We are a nation of online spenders. Whilst just over half of UK adults reported buying goods or services over the internet in 2008, this has increased to 76% by 2015 – and rising.
But whilst the majority of adults now regularly shop online, how men and women shop on the internet can differ greatly. So much so that by gathering and looking at the right data, sites can identify their customer's gender by how they shop online.
What men and women buy online
Findings from the Office for National Statistics have revealed that there are some clear differences between what type of products the genders purchase on the internet in Great Britain. The table below reveals these results, showing what percentage of men and women buy certain products online - some expected, but some sure to surprise many:
As the above stats show, a far larger percentage of men purchase video games and electronic equipment online than women – perhaps an anticipated result. However, against much conventional thought, only 2% more women than men purchase clothes or sporting goods online.
This reflects the growth in menswear sales in the UK, predicted to enjoy an annual average sales growth of 14.2% from 2015 to 2020. It also ties in with the fact that more women like to shop for clothes on the high-street; 50% of women compared to 26% of men agree that clothes shopping is “a fun way to pass the time”. Therefore, because more women purchase clothes on the high-street, less shopping will take place online.
How often they buy online
When exploring the frequency with which men and women make an online purchase, the results may again surprise many. In 2015, 18% of women purchased online at least once a week, compared to a whopping 30% of men.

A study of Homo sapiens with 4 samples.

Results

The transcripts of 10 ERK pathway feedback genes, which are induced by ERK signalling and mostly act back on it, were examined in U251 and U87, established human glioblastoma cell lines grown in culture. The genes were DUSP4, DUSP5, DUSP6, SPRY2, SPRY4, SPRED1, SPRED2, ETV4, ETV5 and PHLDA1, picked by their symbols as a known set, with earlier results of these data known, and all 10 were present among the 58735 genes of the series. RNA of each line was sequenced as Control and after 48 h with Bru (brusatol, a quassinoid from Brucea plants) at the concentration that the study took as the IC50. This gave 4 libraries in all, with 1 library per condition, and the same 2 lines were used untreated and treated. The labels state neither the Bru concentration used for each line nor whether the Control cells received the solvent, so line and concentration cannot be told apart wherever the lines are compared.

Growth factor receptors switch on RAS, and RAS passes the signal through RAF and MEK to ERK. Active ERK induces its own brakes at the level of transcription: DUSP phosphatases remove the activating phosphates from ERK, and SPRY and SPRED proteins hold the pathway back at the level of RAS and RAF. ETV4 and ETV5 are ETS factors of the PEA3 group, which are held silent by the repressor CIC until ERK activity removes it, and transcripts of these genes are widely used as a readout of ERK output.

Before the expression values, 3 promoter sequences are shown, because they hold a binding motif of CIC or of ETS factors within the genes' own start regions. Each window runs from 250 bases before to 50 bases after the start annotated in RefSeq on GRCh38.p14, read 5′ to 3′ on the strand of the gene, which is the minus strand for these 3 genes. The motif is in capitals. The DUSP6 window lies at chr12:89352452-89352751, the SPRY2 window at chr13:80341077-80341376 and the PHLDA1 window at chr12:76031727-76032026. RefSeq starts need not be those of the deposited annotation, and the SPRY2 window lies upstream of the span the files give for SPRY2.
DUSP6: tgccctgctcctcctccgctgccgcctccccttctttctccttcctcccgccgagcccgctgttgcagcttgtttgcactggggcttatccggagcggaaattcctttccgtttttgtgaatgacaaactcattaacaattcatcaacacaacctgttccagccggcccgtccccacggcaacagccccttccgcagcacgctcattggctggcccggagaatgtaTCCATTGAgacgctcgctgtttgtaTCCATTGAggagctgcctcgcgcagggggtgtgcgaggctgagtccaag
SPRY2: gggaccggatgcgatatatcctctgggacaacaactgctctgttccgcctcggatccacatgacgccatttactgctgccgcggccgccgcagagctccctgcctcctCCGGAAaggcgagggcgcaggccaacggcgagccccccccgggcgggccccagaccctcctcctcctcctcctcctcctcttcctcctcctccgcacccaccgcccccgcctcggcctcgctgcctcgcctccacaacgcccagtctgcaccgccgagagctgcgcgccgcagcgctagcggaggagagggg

Continuing this trend, whilst 58% of women bought online at least once a month or more, their male counterparts still took the lead with 62%. This again shows the importance for eCommerce sites to cater for their male customers just as much as their female.
The influence of price on buying online
When it comes to searching the internet to find the best bargain, women come on top. Results show that when purchasing online, 77% of women want the best price available – in contrast, 74% of men are driven by this motivation.
Though this margin may seem close, the use of vouchers pulls the genders apart. Whilst 34% of women use coupons, only 26% of men do. And most women don’t seem shy to admit their ‘bargain hunter’ nature - 74% of women will tell others than an item they bought online was on sale – only 57% of men do the same.
The use of smartphones to buy online
From 2014 to 2015, UK mobile shopping sales rose from £14.61bn to £20.09bn – but which gender made up the most of this spend? According to stats by ecommerce-platforms, 45% of men buy products or services via their smartphone, whilst only 34% of women do.
These stats reveal a huge opportunity for marketers to be able to engage both genders through their smartphones as its mobile nature allows them to be reached at any time and in any place – once again reiterating the importance of mobile-optimised sites and campaigns.
Abandonment rate by gender
Abandonment rate, the percentage of customers who leave a site before purchasing the items in their basket, is significantly altered by gender. Whilst 44% of men abandon their basket, 62% of women do the same.
This division could be for a number of reasons. As mentioned above, it could reflect the tendency for more women to search for the best price possible, causing them to place something in their basket – only to find the same item for a better price elsewhere and so leave. Whatever the reason, sites should do all they can to bring these abandoned customers back using onsite engagement as well as offsite retargeting ads and email re-engagement.
Although you won’t be able to identify a user’s gender by their online shopping behaviour on every occasion, the above stats prove that there are clear differences between how the sexes purchase online. Ecommerce marketers should therefore use these trends to inform their marketing decisions and allow them to better engage their customers at every stage of their buyer journey.